Lung Cancer - Types, Signs, Stages, Prognosis, TreatmentPublished on: 05 October 2021
Lung cancer affects around 47,800 people in the UK every year. It is one of the most common and serious types of cancer. It tends to affect older people, with around 45% of those diagnosed in the UK aged 75 and older.
There are two main types: non-small cell and small cell.
Non-small Cell Lung Cancer
This is the most common and makes up more than 87% of cases. The three types of non-small cell lung cancers are adenocarcinoma, squamous cell carcinoma, or large-cell carcinoma.
Small Cell Lung Cancer
Sometimes known as “oat cell cancer” due to its appearance under a microscope, this type of lung cancer is less common than non-small cell and it usually spreads faster to other parts of the body. It is usually caused by smoking.
Since this cancer grows quickly, it tends to respond well to chemotherapy and radiation therapy. Unfortunately, there is a greater risk of recurrence than with non-small cell lung cancer, usually within one to two years. However, the recurrence of small cell lung cancer after five years of disease-free survival is very rare.
Signs and Symptoms
In the early stages of lung cancer, there are usually no signs or symptoms, but as the cancer progresses many people eventually develop symptoms including:
- a persistent cough
- coughing up blood
- persistent breathlessness
- unexplained tiredness and weight loss
- an ache or pain when breathing or coughing
Many of the above symptoms can also be caused by other medical conditions but finding lung cancer early can mean that it is easier to treat so it is important to visit your GP if you are experiencing these symptoms.
Stages and Grades
The stage of a cancer tells you how big it is and whether it has spread. The grade of a cancer is based on how the cells look under a microscope. This can indicate how quickly or slowly the cancer might grow and whether it is likely to spread.
Cancer is usually staged using the TNM (Tumour, Node, Metastasis) system to create a number staging system, with stages 1 to 4. Stage 4 is advanced lung cancer where the cancer has spread. For small cell lung cancer, there is also a simplified staging system called limited and extensive stage. For more information on how lung cancer, or indeed any cancer, is staged you can visit Cancer Research UK.
Cancer cells are graded 1 to 4 with 1 tending to be slow growing and less likely to spread than grades 3 and 4 where the cells look very abnormal and tend to grow quickly and are more likely to spread. These are also called poorly differentiated or high grade.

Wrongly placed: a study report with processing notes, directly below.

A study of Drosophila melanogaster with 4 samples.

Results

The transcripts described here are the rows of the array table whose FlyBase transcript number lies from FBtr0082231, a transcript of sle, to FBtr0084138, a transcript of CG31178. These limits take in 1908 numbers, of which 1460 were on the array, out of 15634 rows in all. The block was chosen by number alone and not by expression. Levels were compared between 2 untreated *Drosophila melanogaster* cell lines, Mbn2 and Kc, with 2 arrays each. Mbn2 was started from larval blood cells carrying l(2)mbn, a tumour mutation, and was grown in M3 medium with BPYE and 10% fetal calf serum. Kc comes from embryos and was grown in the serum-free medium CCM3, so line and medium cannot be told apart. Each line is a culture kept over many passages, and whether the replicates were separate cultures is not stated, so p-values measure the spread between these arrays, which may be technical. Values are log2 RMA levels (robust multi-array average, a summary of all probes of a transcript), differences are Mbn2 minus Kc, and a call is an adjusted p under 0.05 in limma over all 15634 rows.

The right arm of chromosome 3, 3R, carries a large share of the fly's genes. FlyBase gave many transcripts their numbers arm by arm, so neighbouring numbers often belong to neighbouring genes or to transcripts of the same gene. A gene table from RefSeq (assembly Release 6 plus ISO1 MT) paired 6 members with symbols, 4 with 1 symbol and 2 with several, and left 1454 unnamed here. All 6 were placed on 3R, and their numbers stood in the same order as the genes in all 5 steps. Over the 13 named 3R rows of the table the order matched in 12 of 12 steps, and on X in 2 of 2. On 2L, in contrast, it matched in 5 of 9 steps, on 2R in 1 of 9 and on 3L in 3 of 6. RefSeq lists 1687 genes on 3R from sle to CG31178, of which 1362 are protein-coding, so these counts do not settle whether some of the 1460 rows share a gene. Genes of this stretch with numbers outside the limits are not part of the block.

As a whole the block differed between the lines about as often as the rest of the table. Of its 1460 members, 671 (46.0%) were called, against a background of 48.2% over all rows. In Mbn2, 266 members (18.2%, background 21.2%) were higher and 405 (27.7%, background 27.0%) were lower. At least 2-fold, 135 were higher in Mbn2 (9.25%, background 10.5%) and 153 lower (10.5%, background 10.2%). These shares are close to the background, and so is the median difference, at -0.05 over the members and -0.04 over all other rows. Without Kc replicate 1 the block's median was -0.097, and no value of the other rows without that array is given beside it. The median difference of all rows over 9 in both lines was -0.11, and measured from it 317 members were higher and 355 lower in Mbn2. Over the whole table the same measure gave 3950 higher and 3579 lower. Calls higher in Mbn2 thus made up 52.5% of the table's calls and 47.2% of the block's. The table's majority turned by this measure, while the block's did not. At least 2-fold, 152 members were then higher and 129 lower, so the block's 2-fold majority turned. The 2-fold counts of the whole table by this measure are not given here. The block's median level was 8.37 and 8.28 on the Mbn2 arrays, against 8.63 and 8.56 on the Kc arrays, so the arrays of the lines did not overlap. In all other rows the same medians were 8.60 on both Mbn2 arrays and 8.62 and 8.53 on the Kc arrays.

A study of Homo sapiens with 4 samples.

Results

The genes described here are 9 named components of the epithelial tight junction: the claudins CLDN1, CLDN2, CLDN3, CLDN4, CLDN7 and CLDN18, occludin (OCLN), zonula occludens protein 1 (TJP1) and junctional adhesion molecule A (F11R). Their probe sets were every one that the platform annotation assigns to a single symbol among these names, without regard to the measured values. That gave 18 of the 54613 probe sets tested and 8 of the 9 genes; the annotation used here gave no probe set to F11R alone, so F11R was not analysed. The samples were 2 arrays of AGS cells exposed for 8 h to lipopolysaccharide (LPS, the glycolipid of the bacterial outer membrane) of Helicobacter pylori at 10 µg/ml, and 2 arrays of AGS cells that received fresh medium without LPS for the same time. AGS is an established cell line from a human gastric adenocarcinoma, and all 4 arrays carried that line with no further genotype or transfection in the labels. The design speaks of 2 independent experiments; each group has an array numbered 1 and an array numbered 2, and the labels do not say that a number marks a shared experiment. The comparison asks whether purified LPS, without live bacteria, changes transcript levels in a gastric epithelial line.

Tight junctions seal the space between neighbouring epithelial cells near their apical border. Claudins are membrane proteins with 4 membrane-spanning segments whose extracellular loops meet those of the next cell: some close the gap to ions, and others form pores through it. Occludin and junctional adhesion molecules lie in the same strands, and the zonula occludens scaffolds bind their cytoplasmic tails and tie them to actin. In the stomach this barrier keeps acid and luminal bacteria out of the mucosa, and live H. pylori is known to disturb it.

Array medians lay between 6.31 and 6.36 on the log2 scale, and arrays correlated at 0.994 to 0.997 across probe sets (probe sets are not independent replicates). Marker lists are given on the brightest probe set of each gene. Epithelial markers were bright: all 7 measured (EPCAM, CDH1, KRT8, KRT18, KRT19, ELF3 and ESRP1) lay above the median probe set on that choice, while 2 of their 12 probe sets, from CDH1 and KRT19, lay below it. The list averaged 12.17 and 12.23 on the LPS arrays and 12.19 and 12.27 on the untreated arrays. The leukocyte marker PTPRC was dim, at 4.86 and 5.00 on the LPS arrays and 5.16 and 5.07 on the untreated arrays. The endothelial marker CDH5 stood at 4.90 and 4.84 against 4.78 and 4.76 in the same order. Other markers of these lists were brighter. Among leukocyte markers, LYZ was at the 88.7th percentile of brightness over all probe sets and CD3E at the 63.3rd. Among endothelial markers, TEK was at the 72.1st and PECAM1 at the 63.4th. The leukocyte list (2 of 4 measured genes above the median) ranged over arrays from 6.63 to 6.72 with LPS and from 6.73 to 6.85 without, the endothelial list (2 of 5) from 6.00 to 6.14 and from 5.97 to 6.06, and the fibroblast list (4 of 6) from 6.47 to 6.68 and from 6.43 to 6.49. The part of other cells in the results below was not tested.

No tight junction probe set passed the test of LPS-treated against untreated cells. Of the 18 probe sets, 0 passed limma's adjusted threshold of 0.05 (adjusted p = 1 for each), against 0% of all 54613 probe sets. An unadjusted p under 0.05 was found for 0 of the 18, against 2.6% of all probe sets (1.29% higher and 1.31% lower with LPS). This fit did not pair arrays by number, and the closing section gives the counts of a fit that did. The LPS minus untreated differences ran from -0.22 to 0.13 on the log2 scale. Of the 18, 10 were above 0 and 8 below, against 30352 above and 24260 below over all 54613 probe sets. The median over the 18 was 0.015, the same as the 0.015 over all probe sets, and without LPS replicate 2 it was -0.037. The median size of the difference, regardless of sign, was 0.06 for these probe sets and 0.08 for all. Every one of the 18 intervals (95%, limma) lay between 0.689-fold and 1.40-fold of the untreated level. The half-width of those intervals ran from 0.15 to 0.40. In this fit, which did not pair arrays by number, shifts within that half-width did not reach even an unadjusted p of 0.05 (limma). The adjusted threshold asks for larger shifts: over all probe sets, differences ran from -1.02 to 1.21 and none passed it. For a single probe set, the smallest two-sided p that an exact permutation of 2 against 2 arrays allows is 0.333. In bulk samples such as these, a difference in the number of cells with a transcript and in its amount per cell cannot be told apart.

As lung cancer does not usually cause noticeable symptoms until it has spread through the lungs or into other parts of the body, the outlook is not as good as many other types of cancer. However, survival depends on many factors including the spread of the cancer at diagnosis.
There are no UK-wide statistics available for survival of different stages of lung cancer or individual treatments. The figures below are for survival by stage in England for people diagnosed between 2013 and 2017.
Stage 1 - More than 55 out of 100 people (more than 55%) will survive their cancer for five years or more after diagnosis.
Stage 2 - Around 35 out of 100 people (around 35%) will survive their cancer for five years or more after diagnosis.
Stage 3 - Almost 15 out of 100 people (almost 15%) will survive their cancer for five years or more after diagnosis.
Stage 4 - Almost 5 out of 100 people (almost 5%) will survive their cancer for five years or more after they are diagnosed.
How lung cancer is treated will also depend on a number of factors including the type of lung cancer, where it is, its size, whether it has spread and a person’s general health.
Researchers around the world are always searching for improved treatments for lung cancer. One of those of particular note is a tablet called sotorasib, which will soon be offered on the NHS to eligible lung cancer patients in England following approval by the UK Medicines and Healthcare products Regulatory Agency (MHRA). It will be used to treat adults with non-small cell lung cancer with KRAS G12C mutation.
This mutation is present in a quarter of all tumours and is referred to as the “Death Star” because of its spherical appearance and impenetrable nature. The sotorasib tablet attaches with the KRAS G12C mutation and inactivates it, thereby hindering cell division and cancer growth. It is expected that nearly 600 NHS patients in England will benefit from the treatment annually.
Here at Lanyon Bowdler we understand the difficulty our clients have in coming to terms with a cancer diagnosis, particularly when there are questions about the standard of care they have received. If you consider that your care has been affected by a delay in diagnosis, it is important to consider all the options available to you. Our team is happy to discuss the matter with you and guide you through the process sensitively.